How to Handle a Chainsaw

Using a chainsaw as a power tool is great to get large scale jobs done such as tree cutting. As with most things in life, that which is most powerful can also be most dangerous and therefore requires particular precautions.

The origin of the chainsaw actually comes from quite a contradictory place. An orthopaedic surgeon named Bernard Heine created an instrument called the Osteotome in 1830 which was made to improve the cutting of bones – something that we go to all lengths to avoid with chainsaws today. It was only in 1926 that another German inventor patented the chainsaw that was designed and used for forestry.

When starting out with a chainsaw, even if you are an experienced user, read the instructions of each model carefully. Saws can vary in size and strength and the exact model to use depends on the size of the person operating it as well as the task at hand, so choose one that lies at the appropriate middle between these two variables. Remember to scan your environment before starting the engine of the chainsaw and ensure that there is room for you to move and for anything that may fall or move while working. Chainsaws are run by fuel and the correct ratio of gas is essential because there is no oil supply, if the right amount is not used then the engine will burn out quickly.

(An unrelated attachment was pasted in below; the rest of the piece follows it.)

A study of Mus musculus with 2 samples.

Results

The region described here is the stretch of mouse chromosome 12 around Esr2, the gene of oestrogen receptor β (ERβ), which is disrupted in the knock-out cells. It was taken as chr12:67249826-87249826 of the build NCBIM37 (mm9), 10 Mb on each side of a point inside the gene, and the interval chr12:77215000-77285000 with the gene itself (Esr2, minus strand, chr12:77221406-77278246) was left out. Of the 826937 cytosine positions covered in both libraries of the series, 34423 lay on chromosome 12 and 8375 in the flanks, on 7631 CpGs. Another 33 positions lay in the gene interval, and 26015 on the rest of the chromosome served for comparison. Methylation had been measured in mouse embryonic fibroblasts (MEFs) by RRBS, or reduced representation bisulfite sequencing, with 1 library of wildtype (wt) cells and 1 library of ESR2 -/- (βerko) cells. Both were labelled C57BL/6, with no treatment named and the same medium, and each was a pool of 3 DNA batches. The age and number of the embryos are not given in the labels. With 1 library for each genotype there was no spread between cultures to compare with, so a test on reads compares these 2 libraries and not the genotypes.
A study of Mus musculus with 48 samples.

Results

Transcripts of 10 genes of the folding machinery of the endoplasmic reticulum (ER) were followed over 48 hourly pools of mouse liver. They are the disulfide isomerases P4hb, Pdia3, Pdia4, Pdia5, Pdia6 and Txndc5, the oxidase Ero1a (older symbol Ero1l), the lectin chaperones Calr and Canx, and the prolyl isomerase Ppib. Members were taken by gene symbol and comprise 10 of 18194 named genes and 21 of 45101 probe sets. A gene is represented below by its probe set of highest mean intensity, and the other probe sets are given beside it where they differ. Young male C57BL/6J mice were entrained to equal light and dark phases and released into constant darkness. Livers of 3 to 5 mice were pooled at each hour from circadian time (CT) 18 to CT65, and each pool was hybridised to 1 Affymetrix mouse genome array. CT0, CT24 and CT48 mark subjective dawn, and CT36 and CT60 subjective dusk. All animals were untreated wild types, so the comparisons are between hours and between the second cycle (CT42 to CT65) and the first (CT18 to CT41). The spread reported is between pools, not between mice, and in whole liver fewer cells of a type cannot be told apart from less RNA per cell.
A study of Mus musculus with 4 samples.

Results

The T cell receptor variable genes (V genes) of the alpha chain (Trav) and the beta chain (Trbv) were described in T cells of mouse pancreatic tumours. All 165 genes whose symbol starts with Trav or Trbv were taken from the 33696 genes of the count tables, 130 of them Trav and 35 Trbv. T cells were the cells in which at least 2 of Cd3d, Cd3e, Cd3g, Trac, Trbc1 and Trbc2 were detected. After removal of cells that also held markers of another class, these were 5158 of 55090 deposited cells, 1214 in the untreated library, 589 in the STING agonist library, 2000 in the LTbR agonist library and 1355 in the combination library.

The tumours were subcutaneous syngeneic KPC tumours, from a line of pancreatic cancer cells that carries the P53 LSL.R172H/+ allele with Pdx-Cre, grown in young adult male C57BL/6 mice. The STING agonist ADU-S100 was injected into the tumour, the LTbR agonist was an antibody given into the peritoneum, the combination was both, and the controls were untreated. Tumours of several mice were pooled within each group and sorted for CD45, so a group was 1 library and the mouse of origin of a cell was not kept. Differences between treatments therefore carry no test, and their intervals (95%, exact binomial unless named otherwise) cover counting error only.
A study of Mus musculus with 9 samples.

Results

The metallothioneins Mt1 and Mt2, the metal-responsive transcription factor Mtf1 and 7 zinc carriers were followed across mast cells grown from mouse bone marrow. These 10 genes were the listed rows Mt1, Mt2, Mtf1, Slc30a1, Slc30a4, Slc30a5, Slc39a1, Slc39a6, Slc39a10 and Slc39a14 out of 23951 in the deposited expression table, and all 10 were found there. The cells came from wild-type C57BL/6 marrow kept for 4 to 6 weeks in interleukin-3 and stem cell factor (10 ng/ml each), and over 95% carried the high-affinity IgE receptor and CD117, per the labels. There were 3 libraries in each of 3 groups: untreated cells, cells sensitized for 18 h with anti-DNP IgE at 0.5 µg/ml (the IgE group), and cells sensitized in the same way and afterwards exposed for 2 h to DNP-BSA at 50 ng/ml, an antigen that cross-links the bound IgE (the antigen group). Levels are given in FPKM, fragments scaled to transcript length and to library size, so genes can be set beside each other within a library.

Speaking of burning out, keep in mind to leave your chainsaw to cool down after using it as the blade will be hot. Do not store a hot instrument, and cover the blade when storing it. Protective gear such as goggles and anti-slip gloves are a must when using dangerous equipment such as chainsaws and ear protectors will come in handy to avoid the nuisance of the loud noise of the saw. A hard hat is important for any wood or debris that may fall.

Strat Training offers in-depth safety courses that deal with the safe and correct operation of chainsaws. If you are keen to learn more, feel free to apply or make an enquiry here.

Is prioritizing safety an inconvenience?